Profanity is powerful, not unprofessional

The Students’ Society of McGill University’s (SSMU) Accountability Committee recently presented a report to the Board of Directors (BoD) recommending that Vice-President (V University Affairs (UA) Madeline Wilson be suspended for five days without pay. The recommendation came in response to a complaint against Wilson for her use of profanity in a Dec. 4 Facebook post on the UA page that condemned McGill’s failure to divest from fossil fuels, following a similar incident in October. Ultimately, the BoD chose only to suspend her social media privileges for three days, however, the Accountability Committee’s recommendation was an overreaction and represents a larger issue whereby those who speak out against injustice are held back by minor controversies while the perpetrators generally face no consequences.

This controversy marks the second time that Wilson has been reprimanded for her use of profanity on SSMU-associated social media. On Oct. 31, she made a post telling those harassing student activist and Indigenous Affairs Commissioner Tomas Jirousek online to “go fuck themselves” without a content warning. Despite the Nov. 28 motion to ban the use of profanity in SSMU communications, Wilson defended her choice of words, explaining that she thinks carefully about the way she uses language. The Dec. 4 post included a content warning, recognizing that some may not feel comfortable with the profane language. 

However, using strong language can serve to highlight an important point, and does not equate to being unprofessional. This is precisely why the context of Wilson’s comments is crucial. Both of the issues she spoke out against are important and recurring for McGill’s student population. Frustration has continued to grow as the university’s administration fails to take substantive action to help address the climate crisis. When it comes to concern for Indigenous peoples, the #ChangetheName movement sparked the enthusiasm of students on campus. On top of this, many have recently engaged with important events and causes surrounding Indigenous issues, including the recent event in solidarity with the Wet’suwet’en.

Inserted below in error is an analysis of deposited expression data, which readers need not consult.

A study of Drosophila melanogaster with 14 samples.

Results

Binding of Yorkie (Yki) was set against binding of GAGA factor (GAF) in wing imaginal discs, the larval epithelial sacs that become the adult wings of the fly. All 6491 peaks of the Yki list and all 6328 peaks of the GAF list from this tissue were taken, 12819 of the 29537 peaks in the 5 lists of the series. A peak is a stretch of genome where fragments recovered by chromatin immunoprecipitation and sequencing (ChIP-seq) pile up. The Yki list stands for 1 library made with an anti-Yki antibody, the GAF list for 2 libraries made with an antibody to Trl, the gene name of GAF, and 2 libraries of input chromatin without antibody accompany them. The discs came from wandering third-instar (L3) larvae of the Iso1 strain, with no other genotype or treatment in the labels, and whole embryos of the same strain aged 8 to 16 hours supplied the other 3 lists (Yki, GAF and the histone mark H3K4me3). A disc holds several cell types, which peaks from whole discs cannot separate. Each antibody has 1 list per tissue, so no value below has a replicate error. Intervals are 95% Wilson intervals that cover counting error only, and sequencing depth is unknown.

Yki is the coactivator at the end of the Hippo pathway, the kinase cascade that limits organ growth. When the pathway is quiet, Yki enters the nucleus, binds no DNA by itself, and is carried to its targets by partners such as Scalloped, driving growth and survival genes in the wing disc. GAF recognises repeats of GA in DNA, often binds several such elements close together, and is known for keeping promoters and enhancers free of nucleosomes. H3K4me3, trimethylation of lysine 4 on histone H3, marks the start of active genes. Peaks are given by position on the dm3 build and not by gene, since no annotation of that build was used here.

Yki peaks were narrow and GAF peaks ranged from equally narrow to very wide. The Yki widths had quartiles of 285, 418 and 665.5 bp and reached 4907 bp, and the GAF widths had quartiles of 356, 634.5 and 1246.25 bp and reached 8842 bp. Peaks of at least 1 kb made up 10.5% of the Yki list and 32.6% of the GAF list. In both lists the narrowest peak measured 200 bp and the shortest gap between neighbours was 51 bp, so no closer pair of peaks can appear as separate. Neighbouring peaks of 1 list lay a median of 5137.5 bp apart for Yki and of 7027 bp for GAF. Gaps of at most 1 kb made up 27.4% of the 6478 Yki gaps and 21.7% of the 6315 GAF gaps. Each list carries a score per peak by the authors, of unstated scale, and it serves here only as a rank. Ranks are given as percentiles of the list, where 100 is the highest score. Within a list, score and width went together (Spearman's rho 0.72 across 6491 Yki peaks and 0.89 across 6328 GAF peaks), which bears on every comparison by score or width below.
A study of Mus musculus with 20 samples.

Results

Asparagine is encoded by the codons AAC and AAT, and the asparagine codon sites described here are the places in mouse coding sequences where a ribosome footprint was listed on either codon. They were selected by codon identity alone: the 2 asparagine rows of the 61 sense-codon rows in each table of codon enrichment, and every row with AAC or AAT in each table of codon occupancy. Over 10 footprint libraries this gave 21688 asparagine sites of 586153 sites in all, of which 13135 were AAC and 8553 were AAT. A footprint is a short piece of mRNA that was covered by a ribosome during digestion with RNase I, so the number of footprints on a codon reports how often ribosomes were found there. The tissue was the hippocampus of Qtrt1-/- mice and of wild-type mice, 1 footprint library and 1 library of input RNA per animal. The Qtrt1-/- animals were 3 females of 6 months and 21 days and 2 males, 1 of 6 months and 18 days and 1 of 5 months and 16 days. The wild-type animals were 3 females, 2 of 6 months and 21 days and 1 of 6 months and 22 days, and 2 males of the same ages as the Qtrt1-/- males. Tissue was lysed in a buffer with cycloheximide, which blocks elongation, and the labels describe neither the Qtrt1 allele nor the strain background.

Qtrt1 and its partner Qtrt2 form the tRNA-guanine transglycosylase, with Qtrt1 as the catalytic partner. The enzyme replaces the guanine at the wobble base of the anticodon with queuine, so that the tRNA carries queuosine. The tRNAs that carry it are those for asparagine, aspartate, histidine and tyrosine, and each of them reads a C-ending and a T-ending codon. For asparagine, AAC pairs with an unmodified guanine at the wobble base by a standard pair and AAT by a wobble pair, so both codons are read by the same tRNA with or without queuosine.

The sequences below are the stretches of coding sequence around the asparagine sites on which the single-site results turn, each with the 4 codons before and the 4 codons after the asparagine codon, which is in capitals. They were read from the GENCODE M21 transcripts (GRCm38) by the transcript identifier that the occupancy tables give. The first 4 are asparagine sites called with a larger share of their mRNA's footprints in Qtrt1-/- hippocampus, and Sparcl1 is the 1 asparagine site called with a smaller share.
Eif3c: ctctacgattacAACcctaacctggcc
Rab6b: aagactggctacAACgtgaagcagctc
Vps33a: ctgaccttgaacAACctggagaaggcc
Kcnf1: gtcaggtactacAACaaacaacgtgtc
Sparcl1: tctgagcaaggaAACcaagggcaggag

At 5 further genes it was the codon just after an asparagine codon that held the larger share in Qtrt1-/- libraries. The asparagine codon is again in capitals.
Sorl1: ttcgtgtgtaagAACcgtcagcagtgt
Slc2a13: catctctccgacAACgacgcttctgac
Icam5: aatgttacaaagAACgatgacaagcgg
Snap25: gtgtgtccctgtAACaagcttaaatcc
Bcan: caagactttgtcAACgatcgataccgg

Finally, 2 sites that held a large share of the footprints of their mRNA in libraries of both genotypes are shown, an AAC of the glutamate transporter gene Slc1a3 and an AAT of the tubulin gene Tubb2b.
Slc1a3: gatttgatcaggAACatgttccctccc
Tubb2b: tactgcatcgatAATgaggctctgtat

Seeing as how these kinds of issues directly impact some members of the McGill community, using profanity in such a context is justified. There is a significant difference between swearing without reason and employing strong language to draw attention to something important.

Those who care about social and environmental issues on campus should be rallying together to work against oppressive forces as opposed to infighting amongst each other about the varying strategies individuals choose to use to address injustice. SSMU has shown a commitment to equity and advocacy; this is evidenced in part by its equity policy and initiatives, which fall under the UA portfolio. When governing bodies within SSMU take this much time to debate and pass legislation to regulate communications, it takes time and resources away from lifting up activist movements on campus and beyond. Those who should be condemned in these situations are those at the root of the problem. The student-body should focus its efforts on problematizing targets like McGill, for refusing to divest, or internet trolls, who harass marginalized students online 

As opposed to tone policing one SSMU executive, time and resources can and should be redirected in order to help address issues related to environmental justice and discrimination, which have a tangible effect on members of the McGill community. There are a range of initiatives on campus working to address these very concerns through events, education and fundraising, including those led by clubs like Divest McGill and the Indigenous Student Alliance.These groups and initiatives cannot function without substantial support from the rest of the community, including SSMU.  Rather than the language Wilson has used to discuss such issues online, it is the issues themselves which deserve the attention of the SSMU executive body and the BoD.